Execution of William Williams

The botched execution of William Williams was the last in Minnesota. After newspapers broke state law to report on the event, public opinion turned firmly against the death penalty, and it was repealed in 1911.

State Board of Health Established, March 4, 1872

During the mid-to-late nineteenth century, Minnesota faced public health issues such as poor sanitation and disease epidemics. To address these issues, Minnesota established a state board of health in 1872. It was the third such board in the United States.

Mesabi Iron Range Strike, 1907

Tired of ethnic discrimination as well as dangerous working conditions, low wages, and long work days, immigrant iron miners on the Mesabi Range in northeastern Minnesota went on strike on July 20, 1907. It was the first organized strike on the state's Iron Range.

Duluth Ship Canal Opening, 1871

The opening of the Duluth Ship Canal in 1871 was a historical turning point for the city of Duluth and the Twin Ports of Duluth and Superior.

Grasshopper Plagues, 1873–1877

On June 12, 1873, farmers in southwestern Minnesota saw what looked like a snowstorm coming towards their fields from the west. What seemed to be snowflakes were in fact grasshoppers. In a matter of hours, knee-high fields of grass and wheat were eaten to the ground by hungry hoppers.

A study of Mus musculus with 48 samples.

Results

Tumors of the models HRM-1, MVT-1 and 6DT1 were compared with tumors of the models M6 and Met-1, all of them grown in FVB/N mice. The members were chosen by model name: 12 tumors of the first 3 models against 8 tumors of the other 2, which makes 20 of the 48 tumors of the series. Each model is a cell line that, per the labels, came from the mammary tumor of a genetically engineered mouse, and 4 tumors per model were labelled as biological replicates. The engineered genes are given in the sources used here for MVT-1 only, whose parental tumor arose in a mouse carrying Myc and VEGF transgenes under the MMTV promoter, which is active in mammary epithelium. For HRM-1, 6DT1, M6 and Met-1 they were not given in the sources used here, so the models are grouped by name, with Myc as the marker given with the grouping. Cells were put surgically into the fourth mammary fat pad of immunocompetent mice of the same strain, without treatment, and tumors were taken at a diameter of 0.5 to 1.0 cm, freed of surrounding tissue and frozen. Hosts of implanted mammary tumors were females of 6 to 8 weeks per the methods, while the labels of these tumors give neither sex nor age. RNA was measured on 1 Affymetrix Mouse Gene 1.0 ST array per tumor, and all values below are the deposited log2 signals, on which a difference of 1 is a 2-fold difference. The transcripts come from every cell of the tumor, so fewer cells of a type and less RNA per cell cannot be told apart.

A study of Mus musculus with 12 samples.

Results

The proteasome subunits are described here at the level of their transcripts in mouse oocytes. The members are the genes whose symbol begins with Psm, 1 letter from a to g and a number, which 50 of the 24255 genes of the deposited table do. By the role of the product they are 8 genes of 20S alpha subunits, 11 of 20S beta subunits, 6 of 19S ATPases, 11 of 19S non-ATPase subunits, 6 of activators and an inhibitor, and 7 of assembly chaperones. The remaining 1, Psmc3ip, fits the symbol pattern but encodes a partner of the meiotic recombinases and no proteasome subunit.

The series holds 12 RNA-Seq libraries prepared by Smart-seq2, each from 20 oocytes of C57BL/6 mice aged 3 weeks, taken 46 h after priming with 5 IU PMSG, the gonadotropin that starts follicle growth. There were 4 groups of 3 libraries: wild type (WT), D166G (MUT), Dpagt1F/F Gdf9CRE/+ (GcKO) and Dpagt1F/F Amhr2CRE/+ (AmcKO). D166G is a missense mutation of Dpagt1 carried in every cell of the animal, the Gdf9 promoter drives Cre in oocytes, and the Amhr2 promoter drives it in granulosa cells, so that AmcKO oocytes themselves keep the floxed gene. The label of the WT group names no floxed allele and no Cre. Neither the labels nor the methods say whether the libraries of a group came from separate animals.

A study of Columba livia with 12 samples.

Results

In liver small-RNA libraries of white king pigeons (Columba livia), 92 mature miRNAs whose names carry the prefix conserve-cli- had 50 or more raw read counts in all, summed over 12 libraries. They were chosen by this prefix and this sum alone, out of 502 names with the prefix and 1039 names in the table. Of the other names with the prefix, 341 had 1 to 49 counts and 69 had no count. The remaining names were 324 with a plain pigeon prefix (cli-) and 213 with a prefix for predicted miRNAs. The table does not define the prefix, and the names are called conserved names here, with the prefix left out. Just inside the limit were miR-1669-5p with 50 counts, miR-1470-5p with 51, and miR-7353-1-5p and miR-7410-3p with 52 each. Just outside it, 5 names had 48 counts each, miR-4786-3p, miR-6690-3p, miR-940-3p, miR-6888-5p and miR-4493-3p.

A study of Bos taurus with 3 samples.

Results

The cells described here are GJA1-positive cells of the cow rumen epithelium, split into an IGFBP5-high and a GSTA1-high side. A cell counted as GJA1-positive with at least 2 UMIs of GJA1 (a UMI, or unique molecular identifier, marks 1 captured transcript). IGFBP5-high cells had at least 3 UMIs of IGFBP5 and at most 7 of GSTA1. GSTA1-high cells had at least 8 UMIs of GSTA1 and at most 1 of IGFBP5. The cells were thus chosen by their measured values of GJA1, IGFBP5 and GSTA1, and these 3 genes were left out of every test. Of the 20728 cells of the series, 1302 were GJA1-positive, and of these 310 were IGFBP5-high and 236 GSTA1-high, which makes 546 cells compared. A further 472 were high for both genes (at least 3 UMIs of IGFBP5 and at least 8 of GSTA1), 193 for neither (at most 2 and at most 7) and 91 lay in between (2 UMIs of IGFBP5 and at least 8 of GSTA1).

Sinking of the Hesper

Launched in 1890, Hesper was a bulk freighter with a forward pilot-house, designed to haul loads like grain and iron ore across the Great Lakes. With masts and a steam engine, Hesper was a hybrid that reflected the transition from wind-powered vessels to mechanically propelled ships.

Bicycling Craze, 1890s

In the 1890s, after bicycles became more comfortable and affordable, bicycling swept the nation, Minnesota included. Minnesotans who embraced bicycling at this time helped lay the groundwork for a number of lasting changes in American society, from shorter skirts to better roads.

St. Anthony Falls Tunnel Collapse, October 5, 1869

On October 5, 1869, water seeped and then gushed into a tunnel underneath St. Anthony Falls creating an enormous whirlpool. The falls were nearly destroyed. It was years before the area was fully stabilized and the falls were again safe from collapse.

Hydroelectricity in Minneapolis, September 5, 1882

Centralized hydroelectric power came on for the first time in the United States in downtown Minneapolis on September 5, 1882. Minnesota Brush Electric Company produced the power, beating a similar effort in Appleton, Wisconsin, by twenty-five days.

Republican National Convention, June 1892

Republicans from across the nation came to Minneapolis in June 1892 for secret meetings, public rallies and speeches, and their official national convention, which culminated in the nomination of then US President Benjamin Harrison as the party's presidential candidate.